HOUSTON There was a bizarre intersection of point guards at Toyota Center on Monday that might have proven debilitating had Goran Dragic not concluded this unusual night by laughing off his twisted right ankle.
Earlier in the day Kyle Lowry made an appearance at the Rockets' shoot-around looking slightly gaunt and worse from the wear of a bacterial infection that has sidelined him since March 10. Less than an hour before tipoff against the Kings, veteran Earl Boykins arrived fresh off signing a 10-day contract and the completion of a physical that enabled Rockets coach Kevin McHale to add Boykins to the active roster.
And then in overtime, after the Rockets had determinedly erased a 16-point first-quarter deficit, Dragic crumbled to the floor and sent a collective gasp through the arena. It appeared worse had come to worse.
"I was not sure if I (should) go back to the bench to watch the game or go to the locker room," Dragic said of a curious moment when he stopped en route to the locker room to watch the action from behind the basket stanchion adjacent to the Rockets' bench. "I tried to finish the game but the pain was too strong.
"I was just looking what was going to happen on defense or offense. Luckily we won that game."
For a moment, luck seemed nowhere in sight. The Rockets eked out a 113-106 victory that allowed them to keep pace with the Jazz and Nuggets, both of which had won on the road earlier in the evening.
With Lowry confirming that his status for the remainder of the season is unknown, the Rockets signed Boykins, 35, to provide a veteran's steady hand behind Dragic. No one could have anticipated that Boykins would log 21 minutes in his first action of the season, or that he would sink four consecutive free throws in overtime to snuff the Kings (17-32).
"This is very unique," Boykins said after posting 10 points and five assists. "This is definitely a unique situation, but it helps when you've been around as long as I have. You know how to prepare to play in the NBA even if you're not in the NBA. You know what it takes to keep your body in shape. Tonight the guys, they had confidence in me. It takes a great deal of confidence to give someone the ball who you haven't seen all year.
"It's a lot easier to play when your teammates have that type of confidence in you."
To an extent, this is what McHale had in mind when the Rockets (27-23) pursued Marcus Camby at the trade deadline and Boykins this week. Courtney Fortson did a bang-up job backing up Dragic, but with injuries ravaging their roster the Rockets needed experience off their bench.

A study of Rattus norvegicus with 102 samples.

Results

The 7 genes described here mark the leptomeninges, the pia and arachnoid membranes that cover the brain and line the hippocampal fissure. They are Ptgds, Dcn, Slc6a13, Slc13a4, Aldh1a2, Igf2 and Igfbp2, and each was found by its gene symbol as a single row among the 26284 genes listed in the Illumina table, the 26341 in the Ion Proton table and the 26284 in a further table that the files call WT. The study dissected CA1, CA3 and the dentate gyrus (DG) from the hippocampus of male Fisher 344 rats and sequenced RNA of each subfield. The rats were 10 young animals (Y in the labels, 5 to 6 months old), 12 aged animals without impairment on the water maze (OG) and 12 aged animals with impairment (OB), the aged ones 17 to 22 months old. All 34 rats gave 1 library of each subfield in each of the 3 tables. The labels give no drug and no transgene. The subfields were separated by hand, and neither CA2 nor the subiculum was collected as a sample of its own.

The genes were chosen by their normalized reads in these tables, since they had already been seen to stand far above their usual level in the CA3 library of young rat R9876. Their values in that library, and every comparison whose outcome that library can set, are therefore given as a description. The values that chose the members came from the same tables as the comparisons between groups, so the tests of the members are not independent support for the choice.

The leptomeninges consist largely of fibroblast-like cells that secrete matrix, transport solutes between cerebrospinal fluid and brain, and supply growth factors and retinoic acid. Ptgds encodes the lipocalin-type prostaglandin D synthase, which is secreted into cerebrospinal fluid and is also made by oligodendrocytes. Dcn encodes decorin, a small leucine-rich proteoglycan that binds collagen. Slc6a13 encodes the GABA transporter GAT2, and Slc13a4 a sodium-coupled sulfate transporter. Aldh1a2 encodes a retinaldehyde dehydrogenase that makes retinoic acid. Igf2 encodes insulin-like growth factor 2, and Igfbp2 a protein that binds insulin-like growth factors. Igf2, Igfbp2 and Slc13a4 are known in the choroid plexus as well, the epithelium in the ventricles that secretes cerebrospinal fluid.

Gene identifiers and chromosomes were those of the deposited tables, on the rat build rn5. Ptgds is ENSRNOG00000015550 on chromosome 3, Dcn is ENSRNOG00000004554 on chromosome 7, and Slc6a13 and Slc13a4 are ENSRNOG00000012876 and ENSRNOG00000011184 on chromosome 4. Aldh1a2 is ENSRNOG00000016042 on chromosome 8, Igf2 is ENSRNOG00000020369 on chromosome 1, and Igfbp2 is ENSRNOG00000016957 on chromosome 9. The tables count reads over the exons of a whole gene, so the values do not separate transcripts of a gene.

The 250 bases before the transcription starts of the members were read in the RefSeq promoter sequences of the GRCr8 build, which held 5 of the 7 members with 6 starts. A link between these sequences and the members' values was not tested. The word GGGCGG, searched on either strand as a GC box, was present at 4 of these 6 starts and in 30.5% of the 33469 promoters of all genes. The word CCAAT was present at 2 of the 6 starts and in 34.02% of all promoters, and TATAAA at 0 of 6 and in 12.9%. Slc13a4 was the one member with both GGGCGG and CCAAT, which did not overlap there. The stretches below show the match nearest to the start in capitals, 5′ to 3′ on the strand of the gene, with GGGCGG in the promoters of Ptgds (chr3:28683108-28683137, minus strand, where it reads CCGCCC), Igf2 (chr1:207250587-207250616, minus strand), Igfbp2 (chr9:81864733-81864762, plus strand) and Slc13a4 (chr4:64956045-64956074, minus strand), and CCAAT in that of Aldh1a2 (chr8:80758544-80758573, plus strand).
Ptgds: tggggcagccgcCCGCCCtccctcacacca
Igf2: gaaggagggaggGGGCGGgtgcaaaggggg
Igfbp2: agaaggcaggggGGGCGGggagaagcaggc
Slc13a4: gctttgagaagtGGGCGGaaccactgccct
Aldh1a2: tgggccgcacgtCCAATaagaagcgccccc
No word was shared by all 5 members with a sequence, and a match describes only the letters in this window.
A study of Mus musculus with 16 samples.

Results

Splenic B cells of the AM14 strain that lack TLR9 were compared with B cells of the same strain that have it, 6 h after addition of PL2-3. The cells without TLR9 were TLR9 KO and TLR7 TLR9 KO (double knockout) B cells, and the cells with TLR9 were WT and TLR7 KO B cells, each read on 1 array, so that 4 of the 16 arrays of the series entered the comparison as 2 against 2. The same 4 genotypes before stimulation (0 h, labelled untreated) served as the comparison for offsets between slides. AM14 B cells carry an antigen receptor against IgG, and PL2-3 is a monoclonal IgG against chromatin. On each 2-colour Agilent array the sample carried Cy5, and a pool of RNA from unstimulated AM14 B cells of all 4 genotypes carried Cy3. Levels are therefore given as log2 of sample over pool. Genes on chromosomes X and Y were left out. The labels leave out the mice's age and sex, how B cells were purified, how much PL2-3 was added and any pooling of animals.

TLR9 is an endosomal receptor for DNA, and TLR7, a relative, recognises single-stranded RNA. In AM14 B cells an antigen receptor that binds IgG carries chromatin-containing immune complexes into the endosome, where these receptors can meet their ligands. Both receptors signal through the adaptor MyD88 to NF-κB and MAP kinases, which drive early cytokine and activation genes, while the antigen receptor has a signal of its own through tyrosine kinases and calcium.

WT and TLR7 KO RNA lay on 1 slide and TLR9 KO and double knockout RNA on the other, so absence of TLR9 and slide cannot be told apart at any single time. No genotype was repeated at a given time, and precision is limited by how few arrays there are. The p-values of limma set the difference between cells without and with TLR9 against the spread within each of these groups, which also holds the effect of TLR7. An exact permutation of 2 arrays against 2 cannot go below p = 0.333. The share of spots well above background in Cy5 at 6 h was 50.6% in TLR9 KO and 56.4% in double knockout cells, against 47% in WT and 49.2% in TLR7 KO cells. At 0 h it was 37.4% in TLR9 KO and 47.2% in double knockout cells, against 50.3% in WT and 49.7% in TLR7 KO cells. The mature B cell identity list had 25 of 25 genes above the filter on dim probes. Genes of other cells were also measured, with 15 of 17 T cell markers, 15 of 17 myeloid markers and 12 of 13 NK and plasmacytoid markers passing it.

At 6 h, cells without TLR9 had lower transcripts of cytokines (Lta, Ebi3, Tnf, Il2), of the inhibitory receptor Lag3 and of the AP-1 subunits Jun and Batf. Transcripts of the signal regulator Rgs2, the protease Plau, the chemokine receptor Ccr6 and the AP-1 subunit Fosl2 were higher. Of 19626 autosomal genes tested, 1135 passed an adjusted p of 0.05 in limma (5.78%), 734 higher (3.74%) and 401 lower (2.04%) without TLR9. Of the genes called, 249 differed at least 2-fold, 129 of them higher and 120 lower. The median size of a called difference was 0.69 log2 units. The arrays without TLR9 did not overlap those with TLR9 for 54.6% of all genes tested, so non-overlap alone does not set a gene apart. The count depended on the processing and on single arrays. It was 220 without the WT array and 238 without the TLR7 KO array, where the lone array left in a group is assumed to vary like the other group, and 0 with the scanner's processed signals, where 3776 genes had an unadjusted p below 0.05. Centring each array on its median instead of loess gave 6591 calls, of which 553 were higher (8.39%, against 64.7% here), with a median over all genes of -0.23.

Camby and Boykins, teammates with the Nuggets for three-plus seasons (2003-07), provide exactly that. Camby labeled Boykins "pound for pound one of the toughest guys in the league" in the aftermath of his fortuitous performance, and McHale gushed over what Boykins provided. Given that Boykins last played in the NBA last season with the Bucks, he exceeded all expectations based on the circumstances at hand.
"That's the value of having guys like Marcus Camby and Earl Boykins: they've played in a ton of games," McHale said. "Is it different? Yeah. Is it a new team? Yes. But it's basketball, and they've been doing it their whole lives. There's just a calmness about them and an assuredness.
"They're just relaxed. They've seen so much, which is great. We need that."
McHale shared with Boykins "four or five plays" as well as some defensive assignments during the small window after Boykins arrived and before the teams took the court for pregame warm-ups. At the 6:56 mark of the first quarter McHale inserted Boykins into the game seeking a remedy to the Rockets' sloppy ball handing and the Kings' run-outs.
Once the Rockets managed to take better care of the ball, they began the process of chipping away at the Kings' advantage. That endeavor reached its conclusion when Patrick Patterson converted a second-chance opportunity into a basket and a 91-90 lead with 3:33 left.
The Rockets expended so much energy rallying that the one-point lead Patterson provided was their largest of the closing moments. Patterson buried a 22-foot jumper with 8.3 seconds left to force overtime, and in the extra session the Rockets finally pulled away, extending to a 106-101 lead when Dragic drilled a pull-up 18-footer with 2:14 remaining.
Less than a minute later Dragic hobbled off the court with the assistance of team trainer Keith Jones. After Lowry offered no assurances of his return and with Boykins called off the street and closing this game, things looked grim. Later, Dragic made it seem like everything was OK.
"Now we have Boykins. He's a great point guard, he's been in the league a long time so he can help us a lot," Dragic said. "This season is really tough for us (because) we have a lot of injuries. (I) just try to be healthy and not think about injuries, and try to play hard as possible."